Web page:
Catherine Duchess Of Cambridge's child, if it's a girl, will need legal help to ascend to the British throne.(Photo: Chris Jackson, Getty Images)
In all the hoopla over the "historic" new royal baby on the way, some
people have forgotten an inconvenient truth: Laws that must be passed
to give equal rights to a girl child have not yet been passed.
to worry, promise British constitutional experts as well as leading
British politicians. "I don't see a problem - this baby will impel them to get it done in time," predicts Elisabeth Cawthon, a historian of British law at the University of Texas.
the palace announced Monday that Prince William and his wife Catherine,
Duchess of Cambridge are expecting their first baby, it was especially
newsworthy: If this baby is a girl, she will be third in line to the
throne even if she has brothers born later.
That's because the
U.K. and the 15 other Commonwealth realms that recognize the British
monarch as head of state have agreed to throw out ancient laws that say
boys always come first in the succession no matter their birth order.
so far, they haven't even introduced the necessary legislation, let
alone voted. By Tuesday, cooler heads among British constitutional
experts prevailed, pointing out that if the Cambridge baby is a girl
born before all the necessary laws are passed, it could be awkward.
As royal historian Robert Lacey has been telling reporters, "Law
only becomes law when the law is made - and the law has not been made."
it will, promises deputy prime minister Nick Clegg. He says a new law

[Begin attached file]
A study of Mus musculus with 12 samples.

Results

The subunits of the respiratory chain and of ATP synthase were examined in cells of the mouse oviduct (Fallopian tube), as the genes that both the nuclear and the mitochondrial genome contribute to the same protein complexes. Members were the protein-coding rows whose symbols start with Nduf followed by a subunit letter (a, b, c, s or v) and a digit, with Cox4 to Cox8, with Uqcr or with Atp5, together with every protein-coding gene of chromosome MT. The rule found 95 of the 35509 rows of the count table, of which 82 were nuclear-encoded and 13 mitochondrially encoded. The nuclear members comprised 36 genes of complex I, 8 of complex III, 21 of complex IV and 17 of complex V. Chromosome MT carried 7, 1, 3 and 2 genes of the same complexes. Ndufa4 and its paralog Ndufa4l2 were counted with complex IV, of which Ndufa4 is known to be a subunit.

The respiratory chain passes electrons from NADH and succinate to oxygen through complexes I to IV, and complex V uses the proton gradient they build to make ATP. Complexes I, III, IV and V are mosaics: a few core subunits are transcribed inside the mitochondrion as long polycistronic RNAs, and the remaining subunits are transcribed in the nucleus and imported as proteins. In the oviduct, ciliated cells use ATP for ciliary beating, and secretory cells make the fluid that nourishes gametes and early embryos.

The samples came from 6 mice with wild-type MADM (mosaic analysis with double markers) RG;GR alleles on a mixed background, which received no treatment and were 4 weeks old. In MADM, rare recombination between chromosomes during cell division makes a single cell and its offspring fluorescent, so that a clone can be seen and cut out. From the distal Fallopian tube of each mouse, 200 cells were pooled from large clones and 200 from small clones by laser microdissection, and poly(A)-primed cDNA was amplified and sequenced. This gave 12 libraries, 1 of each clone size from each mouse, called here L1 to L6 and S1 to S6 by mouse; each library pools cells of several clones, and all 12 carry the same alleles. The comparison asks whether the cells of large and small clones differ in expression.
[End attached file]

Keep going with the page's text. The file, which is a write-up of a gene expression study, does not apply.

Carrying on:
on female succession would be introduced in Parliament as soon as
possible so that the change can happen before Duchess Kate's baby is
"Notwithstanding a few parliamentary turns of the wheel, this is now going to happen," Clegg told reporters, according to the Associated Press. He added that "the old-fashioned rules ... have been swept aside."
says Cawthon, all it takes is a majority vote in Parliament to change
the unwritten British constitution, unlike the deliberately
time-consuming process and two-thirds vote of the states required to
amend the U.S. Constitution. Same for the Commonwealth realms such as
Canada, Australia and New Zealand.
Moreover, she says, virtually
no one is opposed to changing the gender rules. In part, that's because
the change is seen as a tribute to two highly successful, admired and
popular queens in the past 150 years, Queen Victoria and her great-great
grandchild, Queen Elizabeth II.
Also, the status quo is largely
seen as embarrassing and indefensible. "The current state of affairs is
not consonant with European human rights - and this is a bad one to look
bad on," says Cawthon. "This is something the British increasingly find
Other areas of possible legislative change, such as
the rules against heirs to the throne marrying Roman Catholics, might be
more difficult to achieve quickly and thus might be put off.
But not the gender rules. "People regard this as stepping into the 21st - no, the 20th century," Cawthon joked.